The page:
Author + information
- Received March 30, 2018
- Revision received June 14, 2018
- Accepted June 15, 2018
- Published online September 17, 2018.
- Katja Zeppenfeld, MD, PhD∗ ()
- ↵∗Address for correspondence:
Dr. Katja Zeppenfeld, Department of Cardiology, Leiden University Medical Center, P.O. Box 9600, 2300 RC Leiden, the Netherlands.
Catheter ablation is being increasingly performed as adjunctive treatment to prevent recurrent implantable cardioverter-defibrillator therapies in patients with nonischemic cardiomyopathy and ventricular tachycardia (VT). In the context of VT ablation, nonischemic cardiomyopathy usually refers to dilated cardiomyopathy (DCM) as one morphological phenotype. Over the past decades, progress has been made to better characterize distinct subtypes and to differentiate between causes of DCM, which has important practical and prognostic implications. The goal of this review is to summarize available data on VT ablation in patients with DCM and, more specifically, review procedural and outcome data in specific etiologies and substrate location. It will focus on our current understanding of nonischemic scars, as well as the value of multimodal imaging, image integration, and electroanatomic mapping for substrate identification, procedural planning, and ablation. In addition, recent findings from whole human heart histology of patients with DCM and VT and their potential implications for imaging and mapping will be discussed.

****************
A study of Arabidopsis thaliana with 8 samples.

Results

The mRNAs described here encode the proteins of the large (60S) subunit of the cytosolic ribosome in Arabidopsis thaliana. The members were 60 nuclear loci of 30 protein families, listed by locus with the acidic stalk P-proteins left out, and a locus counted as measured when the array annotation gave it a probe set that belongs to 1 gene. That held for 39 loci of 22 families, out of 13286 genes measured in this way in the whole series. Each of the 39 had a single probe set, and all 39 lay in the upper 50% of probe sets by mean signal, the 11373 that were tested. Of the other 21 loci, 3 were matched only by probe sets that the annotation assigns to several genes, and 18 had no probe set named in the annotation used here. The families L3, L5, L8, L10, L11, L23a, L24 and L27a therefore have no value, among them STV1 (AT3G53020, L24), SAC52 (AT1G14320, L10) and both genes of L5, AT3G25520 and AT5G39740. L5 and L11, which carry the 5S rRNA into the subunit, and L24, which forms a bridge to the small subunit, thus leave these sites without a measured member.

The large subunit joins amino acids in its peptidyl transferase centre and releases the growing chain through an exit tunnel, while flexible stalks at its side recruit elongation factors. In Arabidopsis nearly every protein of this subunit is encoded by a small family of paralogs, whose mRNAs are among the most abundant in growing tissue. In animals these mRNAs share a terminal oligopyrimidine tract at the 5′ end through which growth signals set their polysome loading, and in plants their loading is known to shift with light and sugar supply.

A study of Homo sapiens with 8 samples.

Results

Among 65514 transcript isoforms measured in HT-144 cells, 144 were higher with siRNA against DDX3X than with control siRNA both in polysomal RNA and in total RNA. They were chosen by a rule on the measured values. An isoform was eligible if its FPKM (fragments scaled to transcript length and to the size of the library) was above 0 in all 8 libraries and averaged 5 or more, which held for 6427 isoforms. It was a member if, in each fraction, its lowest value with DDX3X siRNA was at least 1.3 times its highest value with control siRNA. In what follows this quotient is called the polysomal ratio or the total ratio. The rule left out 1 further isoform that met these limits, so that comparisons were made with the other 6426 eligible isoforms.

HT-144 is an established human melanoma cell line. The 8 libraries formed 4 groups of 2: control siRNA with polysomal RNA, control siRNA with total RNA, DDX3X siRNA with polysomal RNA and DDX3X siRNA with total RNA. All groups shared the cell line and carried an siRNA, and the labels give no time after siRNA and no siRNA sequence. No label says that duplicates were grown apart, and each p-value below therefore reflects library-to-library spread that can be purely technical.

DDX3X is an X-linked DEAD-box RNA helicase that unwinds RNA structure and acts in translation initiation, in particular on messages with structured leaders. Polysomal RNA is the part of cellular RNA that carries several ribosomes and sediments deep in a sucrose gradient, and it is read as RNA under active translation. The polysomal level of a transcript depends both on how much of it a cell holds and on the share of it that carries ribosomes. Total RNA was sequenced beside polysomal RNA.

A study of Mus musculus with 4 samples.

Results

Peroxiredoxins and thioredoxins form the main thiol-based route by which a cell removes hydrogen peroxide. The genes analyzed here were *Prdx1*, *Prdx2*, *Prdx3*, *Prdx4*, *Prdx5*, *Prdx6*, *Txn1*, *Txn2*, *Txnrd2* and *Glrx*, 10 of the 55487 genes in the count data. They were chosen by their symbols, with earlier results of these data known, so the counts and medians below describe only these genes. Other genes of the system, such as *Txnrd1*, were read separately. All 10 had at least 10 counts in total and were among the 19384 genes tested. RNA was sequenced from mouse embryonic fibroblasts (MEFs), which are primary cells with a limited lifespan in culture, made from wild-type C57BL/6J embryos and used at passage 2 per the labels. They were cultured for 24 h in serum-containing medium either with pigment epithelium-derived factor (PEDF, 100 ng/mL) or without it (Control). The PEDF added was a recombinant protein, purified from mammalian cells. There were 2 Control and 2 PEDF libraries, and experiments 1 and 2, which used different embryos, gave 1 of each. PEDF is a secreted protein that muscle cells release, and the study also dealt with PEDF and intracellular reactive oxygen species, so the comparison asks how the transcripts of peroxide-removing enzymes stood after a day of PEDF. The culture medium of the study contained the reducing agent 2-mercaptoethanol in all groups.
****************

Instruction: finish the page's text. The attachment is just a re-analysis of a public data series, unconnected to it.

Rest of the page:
Dr. Zeppenfeld has reported that she has no relationships relevant to the contents of this paper to disclose.
The author attests she is in compliance with human studies committees and animal welfare regulations of the author's institutions and Food and Drug Administration guidelines, including patient consent where appropriate. For more information, visit the JACC: Clinical Electrophysiology author instructions page.
- Received March 30, 2018.
- Revision received June 14, 2018.
- Accepted June 15, 2018.
- 2018 American College of Cardiology Foundation
This article requires a subscription or purchase to view the full text. If you are a subscriber or member, click Login or the Subscribe link (top menu above) to access this article.